Hammer Horror Gems and More
By Kristin Battestella
While mostly known for its vast array of horror and mayhem movies, in its day, Hammer Films produced quite a good dose of vampires, adventure, and fantasy, too. Here’s a quick helping of some of the Brit Studio’s fun and scares.
Countess Dracula – Ingrid Pitt (The House That Dripped Blood) and Leslie-Ann Down (North and South) lead a fun supporting cast in this 1971 Hammer juicy recounting the bloody derangement of Elisabeth Bathory. The time and place is a little Hungarian unspecific, but the accents are real for once- as opposed to the usual tendency to over-Anglicize. However, I am surprised Pitt was dubbed. It’s a very good voice job, but I can’t believe her own accent wasn’t good enough. The costumes are also simply glorious, and candlelit interiors and period touches set the tone perfectly. There’s great castle facades, stone workings and secret passageways, winding stairs, lovely ironwork, a sweet looking castle library, and plenty of boobs, blood, and kinky. Whew! This must have been shocking at the time, but now the naughty is just right in adding twists and scares. Director Peter Sasdy (Taste the Blood of Dracula) keeps things similar to other Hammer vamps but also finds something unique among those same old confoundedly resurrected and silent Draculas. A few viewers might not like the non-all out horrorfest expected, but the historical elements and gothic feelings are bloody good fun.
The Mummy (1959) – Hammer perennials Peter Cushing and Christopher Lee team again for this well paced if somewhat familiar plot. Though he looks like the Creature from the Black Lagoon in some scenes and is styled more like a Bond henchman doing the evil deeds of late Victorian villain George Pastell (also of The Curse of the Mummy’s Tomb); Lee’s reanimated and mummified priest Kharis is dang menacing but no less tragic in his violence and lost love. His overbearing stature works wonders against the intelligent and suave archaeology gentleman Cushing- whether he’s in the dirty wraps or decked out in great Egyptian costumes, color, and brightness. The sets, however, could use some work, as the exteriors are a bit, well, plastic looking instead of mighty stonework monolith. Yvonne Furneaux (Repulsion) is also a lovely but slightly lightweight façade that’s a little out of place with Cushing’s take action and dueling wit. Fortunately, the musical charms accent the Egyptian suspense and cap off the scares beautifully. Toss in some humor and great fun and this version equals total entertainment.
She (1965) – Ex-soldiers John Richardson (One Million Years B.C.) and Peter Cushing leave 1918 Palestine in search of the lost city of Kuma- ruled by the titular Ursula Andress (Dr. No) and her high priest Christopher Lee. Meow! Though the pre-history adventure angles may seem as if Hammer is branching too far from its Horror bests, this one is a fun and entertaining desert romp. Perhaps Bernard Cribbins (Doctor Who) as Cushing’s batman is sometimes a little too Brit servant humor and some of the jokes might be lost on today’s younger viewers. The speaking volume is also soft against the music and some of the tribal elements are stereotypical of both the sixties and the onscreen post- Great War attitudes. Otherwise, the sets are fun, the ladies juicy, and the action well paced. What’s not to like?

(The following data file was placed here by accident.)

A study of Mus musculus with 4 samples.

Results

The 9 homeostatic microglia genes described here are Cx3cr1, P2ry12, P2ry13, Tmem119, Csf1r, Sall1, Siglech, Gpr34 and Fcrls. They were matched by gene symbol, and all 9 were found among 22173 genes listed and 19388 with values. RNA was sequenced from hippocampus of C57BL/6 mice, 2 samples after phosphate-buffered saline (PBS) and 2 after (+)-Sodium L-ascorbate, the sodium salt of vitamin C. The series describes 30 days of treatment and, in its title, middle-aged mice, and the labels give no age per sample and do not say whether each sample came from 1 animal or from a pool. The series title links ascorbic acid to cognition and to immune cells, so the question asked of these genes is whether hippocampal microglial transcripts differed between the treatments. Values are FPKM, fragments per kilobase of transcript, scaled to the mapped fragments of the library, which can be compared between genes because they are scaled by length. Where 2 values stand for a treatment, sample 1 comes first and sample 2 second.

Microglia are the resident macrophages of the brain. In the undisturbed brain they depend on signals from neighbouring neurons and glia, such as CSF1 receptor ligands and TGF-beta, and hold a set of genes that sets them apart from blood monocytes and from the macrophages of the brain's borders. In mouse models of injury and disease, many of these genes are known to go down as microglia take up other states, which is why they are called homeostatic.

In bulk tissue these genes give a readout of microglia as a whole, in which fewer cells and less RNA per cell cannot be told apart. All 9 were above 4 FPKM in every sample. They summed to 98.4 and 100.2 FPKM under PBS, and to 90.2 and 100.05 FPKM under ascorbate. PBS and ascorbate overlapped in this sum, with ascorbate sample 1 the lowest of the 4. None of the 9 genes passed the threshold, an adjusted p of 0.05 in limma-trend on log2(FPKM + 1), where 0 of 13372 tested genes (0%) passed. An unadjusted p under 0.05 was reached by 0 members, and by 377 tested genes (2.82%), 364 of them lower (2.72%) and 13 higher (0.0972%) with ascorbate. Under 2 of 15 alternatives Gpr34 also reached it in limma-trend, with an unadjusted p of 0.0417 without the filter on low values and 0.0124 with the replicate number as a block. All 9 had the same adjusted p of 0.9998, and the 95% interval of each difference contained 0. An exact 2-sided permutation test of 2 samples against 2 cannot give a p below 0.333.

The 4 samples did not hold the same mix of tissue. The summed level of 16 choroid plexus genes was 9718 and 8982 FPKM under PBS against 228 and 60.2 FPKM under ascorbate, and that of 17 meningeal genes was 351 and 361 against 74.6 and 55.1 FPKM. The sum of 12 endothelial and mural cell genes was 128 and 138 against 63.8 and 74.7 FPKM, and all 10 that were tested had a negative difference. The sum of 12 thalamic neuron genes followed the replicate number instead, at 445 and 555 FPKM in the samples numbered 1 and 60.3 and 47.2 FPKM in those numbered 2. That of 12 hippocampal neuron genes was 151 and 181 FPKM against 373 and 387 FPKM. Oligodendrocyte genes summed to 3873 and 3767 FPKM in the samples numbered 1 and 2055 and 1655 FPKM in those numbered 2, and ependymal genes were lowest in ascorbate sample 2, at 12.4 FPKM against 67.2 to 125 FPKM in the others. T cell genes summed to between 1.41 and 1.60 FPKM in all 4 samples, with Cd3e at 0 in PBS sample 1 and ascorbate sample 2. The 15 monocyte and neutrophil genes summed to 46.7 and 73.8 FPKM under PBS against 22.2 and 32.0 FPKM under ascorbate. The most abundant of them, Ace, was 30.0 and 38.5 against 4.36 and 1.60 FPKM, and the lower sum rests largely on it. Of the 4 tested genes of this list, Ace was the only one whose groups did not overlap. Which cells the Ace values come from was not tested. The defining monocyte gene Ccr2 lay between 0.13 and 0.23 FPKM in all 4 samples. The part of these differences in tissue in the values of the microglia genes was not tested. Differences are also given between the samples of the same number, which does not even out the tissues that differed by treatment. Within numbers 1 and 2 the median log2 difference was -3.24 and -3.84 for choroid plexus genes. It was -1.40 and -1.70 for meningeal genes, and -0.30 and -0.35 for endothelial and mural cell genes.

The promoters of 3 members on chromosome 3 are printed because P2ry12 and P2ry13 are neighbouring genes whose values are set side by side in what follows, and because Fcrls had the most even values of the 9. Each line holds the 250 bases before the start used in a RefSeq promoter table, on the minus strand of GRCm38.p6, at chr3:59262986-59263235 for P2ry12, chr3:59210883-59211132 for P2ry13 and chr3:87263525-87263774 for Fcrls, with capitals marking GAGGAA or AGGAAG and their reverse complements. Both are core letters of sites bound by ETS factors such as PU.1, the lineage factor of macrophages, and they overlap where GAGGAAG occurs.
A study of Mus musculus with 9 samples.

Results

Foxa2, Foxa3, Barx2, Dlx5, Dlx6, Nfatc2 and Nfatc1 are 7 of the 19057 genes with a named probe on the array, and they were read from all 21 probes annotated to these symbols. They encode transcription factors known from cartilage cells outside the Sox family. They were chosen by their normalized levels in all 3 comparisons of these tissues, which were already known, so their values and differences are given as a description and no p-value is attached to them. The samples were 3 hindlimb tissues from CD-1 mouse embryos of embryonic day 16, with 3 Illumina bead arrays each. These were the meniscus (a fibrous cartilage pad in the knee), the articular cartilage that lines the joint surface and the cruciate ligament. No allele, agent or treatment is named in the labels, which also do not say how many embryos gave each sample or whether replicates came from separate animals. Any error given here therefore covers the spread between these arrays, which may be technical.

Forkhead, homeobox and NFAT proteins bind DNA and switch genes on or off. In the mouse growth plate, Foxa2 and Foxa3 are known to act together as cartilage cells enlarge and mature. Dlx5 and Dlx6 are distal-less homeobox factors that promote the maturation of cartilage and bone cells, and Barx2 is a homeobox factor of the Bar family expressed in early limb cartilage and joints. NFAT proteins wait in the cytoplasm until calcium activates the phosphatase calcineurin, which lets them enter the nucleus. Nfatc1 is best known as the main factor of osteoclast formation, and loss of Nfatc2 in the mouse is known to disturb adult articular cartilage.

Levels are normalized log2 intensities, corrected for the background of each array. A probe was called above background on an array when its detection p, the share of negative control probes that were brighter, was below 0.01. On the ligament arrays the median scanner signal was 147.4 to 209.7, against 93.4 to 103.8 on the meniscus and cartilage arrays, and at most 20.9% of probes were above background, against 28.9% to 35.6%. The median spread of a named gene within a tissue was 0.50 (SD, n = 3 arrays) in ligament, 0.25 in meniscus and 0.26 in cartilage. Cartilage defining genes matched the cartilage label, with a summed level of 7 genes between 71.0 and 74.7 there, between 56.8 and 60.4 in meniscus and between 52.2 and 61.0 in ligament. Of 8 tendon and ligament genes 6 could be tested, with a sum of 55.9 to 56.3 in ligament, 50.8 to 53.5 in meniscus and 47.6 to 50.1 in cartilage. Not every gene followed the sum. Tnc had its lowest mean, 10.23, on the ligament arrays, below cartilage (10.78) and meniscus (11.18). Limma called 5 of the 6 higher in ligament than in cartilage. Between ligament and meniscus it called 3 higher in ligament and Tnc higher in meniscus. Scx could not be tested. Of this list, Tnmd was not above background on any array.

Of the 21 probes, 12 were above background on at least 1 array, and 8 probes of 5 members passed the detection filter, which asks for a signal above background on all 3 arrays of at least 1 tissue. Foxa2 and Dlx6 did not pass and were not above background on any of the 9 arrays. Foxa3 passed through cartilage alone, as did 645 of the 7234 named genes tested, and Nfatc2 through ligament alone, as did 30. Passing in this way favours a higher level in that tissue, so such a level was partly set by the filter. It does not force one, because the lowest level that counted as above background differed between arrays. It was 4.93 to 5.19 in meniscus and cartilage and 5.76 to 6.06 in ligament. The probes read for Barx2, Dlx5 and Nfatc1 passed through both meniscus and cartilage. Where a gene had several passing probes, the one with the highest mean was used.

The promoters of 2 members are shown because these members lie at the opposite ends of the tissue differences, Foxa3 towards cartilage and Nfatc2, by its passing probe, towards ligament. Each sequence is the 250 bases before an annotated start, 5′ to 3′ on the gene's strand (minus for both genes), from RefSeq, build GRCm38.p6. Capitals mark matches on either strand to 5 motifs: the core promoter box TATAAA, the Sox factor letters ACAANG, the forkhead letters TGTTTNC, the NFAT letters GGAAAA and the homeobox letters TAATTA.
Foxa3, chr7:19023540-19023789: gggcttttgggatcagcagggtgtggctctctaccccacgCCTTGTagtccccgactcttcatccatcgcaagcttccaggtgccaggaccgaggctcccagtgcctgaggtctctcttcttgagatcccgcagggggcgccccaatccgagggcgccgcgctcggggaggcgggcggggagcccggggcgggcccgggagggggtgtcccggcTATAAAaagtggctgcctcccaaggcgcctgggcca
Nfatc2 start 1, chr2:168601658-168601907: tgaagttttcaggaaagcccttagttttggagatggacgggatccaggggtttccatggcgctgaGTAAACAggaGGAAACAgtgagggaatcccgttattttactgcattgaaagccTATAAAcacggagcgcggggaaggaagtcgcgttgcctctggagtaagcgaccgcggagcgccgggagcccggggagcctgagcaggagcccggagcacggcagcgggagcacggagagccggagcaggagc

The Vampire Lovers –Ingrid Pitt and Peter Cushing star in Hammer’s kinky 1970 adaptation of Carmilla, and this one all but has it all! It doesn’t look dated one bit, is still very well paced, and keeps up the entertainment through out. Very nice fog and castle moods, early 19th century frocks and wispy nightgowns, sparkling candelabras and jewelry- it all sets the tone for plenty of blood, fangs, bites, and lots and lots of boobs. The askew, black and white dreamlike photography and scary outdoor locations set off the definite lesbian juiciness, but fans of girl on girl vampire action and those of straight horror can both enjoy alike. The virginal Madeline Smith (Live and Let Die) ups the vampire prey, Kate O’Mara (Dynasty) is also darkly enchanting, and Pippa Steele (of the follow up Lust for a Vampire) is a real screamer! Okay, the opening narration is a bit much and the music is kind of loud but really, no quibbles here. Now if only the two sequels were readily available stateside!
The Viking Queen –This 1967 ancient Britain yarn starring Don Murray (Bus Stop) and Patrick Troughton (Doctor Who) suffers a touch from its lack of notable Hammer stars- though priest Donald Houston (The 300 Spartans) is twisted fun. Fortunately, the scenery is also lovely, and all the chariots and gear are glorious. Even with the sweet costuming and colors, there’s a faded or grainy photography that makes the battle action –though small scale- quite authentic looking. We’re closer in plot to Boadicea than Vikings, yes, but there’s plenty of whipping and pillaging to make up the difference. The star crossed Druid versus Roman love and war also comes across honestly, and the debate and action are well paced. Some will find this bad and dried up, I’m sure, and perhaps this one could have been bigger and better, indeed. For those who like a little sword and sandal action of old, we have an entertaining little piece from director Don Chaffey (Jason and the Argonauts) that feels more like an Ode to DeMille than the expected Hammer guts and glory. Who knew?